In a blog post from Robinhood themselves, the company stated that it had been the victim of a ‘data security incident’ on November 3rd in which an ‘unauthorized third party obtained access to a limited amount of personal information for a portion of our customers’. This has translated into 5 million email addresses leaked, 2 million full names, and under a thousand in-depth, sensitive bits of information slotted right into hackers’ pockets.
Robinhood has since contained the issue and has assured users that no financial information made its way into the wrong hands.
Robinhood’s Chief Security Officer Caleb Sima had this to say on the matter:
“As a Safety First company, we owe it to our customers to be transparent and act with integrity,”
“Following a diligent review, putting the entire Robinhood community on notice of this incident now is the right thing to do.”
Now, while Robinhood states that the main portion of customer information that has leaked is limited to email addresses and full names, there’s no saying that the data thieves can’t then link this up to other details and potentially gain access to financial information based off this. Moreover, this is only day 5 after the attack has taken place and while Robinhood has taken the time to do its due diligence before making its official statement, later down the line, we could see more sensitive information of customers being made known.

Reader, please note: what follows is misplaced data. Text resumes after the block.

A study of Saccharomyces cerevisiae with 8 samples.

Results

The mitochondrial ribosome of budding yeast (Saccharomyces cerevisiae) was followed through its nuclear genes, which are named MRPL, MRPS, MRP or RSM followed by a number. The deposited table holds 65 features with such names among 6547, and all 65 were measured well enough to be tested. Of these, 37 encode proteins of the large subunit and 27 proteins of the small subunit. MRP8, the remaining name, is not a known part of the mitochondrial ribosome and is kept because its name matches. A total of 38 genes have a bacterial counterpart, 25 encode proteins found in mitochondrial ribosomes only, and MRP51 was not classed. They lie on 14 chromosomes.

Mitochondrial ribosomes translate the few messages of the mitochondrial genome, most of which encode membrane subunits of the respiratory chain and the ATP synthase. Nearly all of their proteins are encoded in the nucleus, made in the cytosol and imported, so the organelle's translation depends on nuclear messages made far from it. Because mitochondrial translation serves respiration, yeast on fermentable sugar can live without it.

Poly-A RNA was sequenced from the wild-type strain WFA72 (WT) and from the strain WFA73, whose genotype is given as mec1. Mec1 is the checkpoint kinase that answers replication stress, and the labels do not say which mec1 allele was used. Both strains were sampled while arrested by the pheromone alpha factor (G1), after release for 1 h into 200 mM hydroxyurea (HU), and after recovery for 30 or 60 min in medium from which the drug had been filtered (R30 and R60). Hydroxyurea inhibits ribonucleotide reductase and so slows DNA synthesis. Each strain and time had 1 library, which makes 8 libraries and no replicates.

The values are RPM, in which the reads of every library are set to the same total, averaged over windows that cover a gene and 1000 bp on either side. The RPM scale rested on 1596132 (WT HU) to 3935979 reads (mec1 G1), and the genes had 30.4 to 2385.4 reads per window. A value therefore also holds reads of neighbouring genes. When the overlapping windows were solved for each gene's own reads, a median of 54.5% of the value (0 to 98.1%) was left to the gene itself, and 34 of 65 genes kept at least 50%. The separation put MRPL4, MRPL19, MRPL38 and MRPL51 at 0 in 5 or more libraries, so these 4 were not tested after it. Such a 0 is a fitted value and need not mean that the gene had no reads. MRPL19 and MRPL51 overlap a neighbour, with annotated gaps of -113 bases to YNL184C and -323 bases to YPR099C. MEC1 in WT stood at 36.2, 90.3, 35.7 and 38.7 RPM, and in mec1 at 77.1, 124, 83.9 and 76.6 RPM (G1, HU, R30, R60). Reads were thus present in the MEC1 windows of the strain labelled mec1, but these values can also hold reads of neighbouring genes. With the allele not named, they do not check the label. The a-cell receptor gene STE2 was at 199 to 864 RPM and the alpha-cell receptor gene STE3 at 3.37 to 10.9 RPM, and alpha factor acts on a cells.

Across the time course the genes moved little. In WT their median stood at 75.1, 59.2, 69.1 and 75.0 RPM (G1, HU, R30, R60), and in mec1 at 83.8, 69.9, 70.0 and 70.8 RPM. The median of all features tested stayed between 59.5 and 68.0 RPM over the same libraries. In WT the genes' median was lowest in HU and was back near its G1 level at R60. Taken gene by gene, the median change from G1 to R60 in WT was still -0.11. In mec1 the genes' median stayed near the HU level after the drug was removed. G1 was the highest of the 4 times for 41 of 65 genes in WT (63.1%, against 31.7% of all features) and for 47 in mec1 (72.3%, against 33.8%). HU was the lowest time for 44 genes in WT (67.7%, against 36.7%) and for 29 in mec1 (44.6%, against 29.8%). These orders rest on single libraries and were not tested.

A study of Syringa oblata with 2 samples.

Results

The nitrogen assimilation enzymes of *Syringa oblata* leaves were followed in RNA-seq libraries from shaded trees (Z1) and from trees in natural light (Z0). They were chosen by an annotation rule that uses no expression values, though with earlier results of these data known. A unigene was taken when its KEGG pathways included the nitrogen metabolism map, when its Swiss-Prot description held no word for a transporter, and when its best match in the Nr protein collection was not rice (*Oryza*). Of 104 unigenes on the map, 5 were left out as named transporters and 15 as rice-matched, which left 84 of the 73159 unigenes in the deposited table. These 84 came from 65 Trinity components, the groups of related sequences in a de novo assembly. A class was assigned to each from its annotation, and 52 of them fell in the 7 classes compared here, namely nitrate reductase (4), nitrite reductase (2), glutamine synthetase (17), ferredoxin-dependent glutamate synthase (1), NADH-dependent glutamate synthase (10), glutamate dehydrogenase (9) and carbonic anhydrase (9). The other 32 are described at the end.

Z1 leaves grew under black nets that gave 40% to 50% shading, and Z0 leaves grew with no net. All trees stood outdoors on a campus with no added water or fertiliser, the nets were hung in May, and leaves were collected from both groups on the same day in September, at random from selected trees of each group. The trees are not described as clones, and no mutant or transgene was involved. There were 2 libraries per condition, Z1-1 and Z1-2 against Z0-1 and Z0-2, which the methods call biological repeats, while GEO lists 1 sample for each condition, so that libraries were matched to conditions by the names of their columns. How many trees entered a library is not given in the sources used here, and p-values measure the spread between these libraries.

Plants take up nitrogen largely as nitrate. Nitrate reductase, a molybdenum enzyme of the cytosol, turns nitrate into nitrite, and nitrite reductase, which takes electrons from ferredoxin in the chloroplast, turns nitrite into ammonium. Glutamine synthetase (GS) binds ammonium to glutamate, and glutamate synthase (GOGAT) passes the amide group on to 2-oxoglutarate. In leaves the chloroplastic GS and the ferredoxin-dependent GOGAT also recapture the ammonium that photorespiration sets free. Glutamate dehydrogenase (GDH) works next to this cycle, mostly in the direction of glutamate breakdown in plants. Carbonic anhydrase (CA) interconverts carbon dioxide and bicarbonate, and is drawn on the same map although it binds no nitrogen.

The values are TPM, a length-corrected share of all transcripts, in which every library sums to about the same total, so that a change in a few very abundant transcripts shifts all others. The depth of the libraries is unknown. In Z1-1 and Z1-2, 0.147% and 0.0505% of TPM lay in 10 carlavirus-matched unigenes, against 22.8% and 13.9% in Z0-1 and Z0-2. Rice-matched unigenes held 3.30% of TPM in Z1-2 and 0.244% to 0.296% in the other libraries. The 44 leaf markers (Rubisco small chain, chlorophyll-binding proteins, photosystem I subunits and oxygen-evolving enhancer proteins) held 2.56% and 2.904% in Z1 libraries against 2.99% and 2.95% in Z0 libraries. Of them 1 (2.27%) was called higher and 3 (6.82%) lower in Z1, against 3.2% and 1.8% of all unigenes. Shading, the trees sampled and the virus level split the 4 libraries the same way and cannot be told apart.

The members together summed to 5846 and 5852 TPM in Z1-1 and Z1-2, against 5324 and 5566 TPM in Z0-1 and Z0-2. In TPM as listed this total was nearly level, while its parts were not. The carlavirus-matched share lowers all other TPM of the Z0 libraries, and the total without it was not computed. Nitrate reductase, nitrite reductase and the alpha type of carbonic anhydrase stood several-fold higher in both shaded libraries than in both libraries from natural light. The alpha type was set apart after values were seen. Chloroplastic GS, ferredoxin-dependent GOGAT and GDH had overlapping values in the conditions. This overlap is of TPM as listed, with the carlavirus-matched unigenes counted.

As previously stated, these cyberattacks have only been increasing in frequency, leaving small businesses all the way up to big corporations’ data being able to be harvested and then ultimately sold on the dark web. We can only expect that more and more cybersecurity experts are going to be employed moving forward to try and limit the number of successful breaches but ultimately, your data is simply never secure online no matter how hard you try.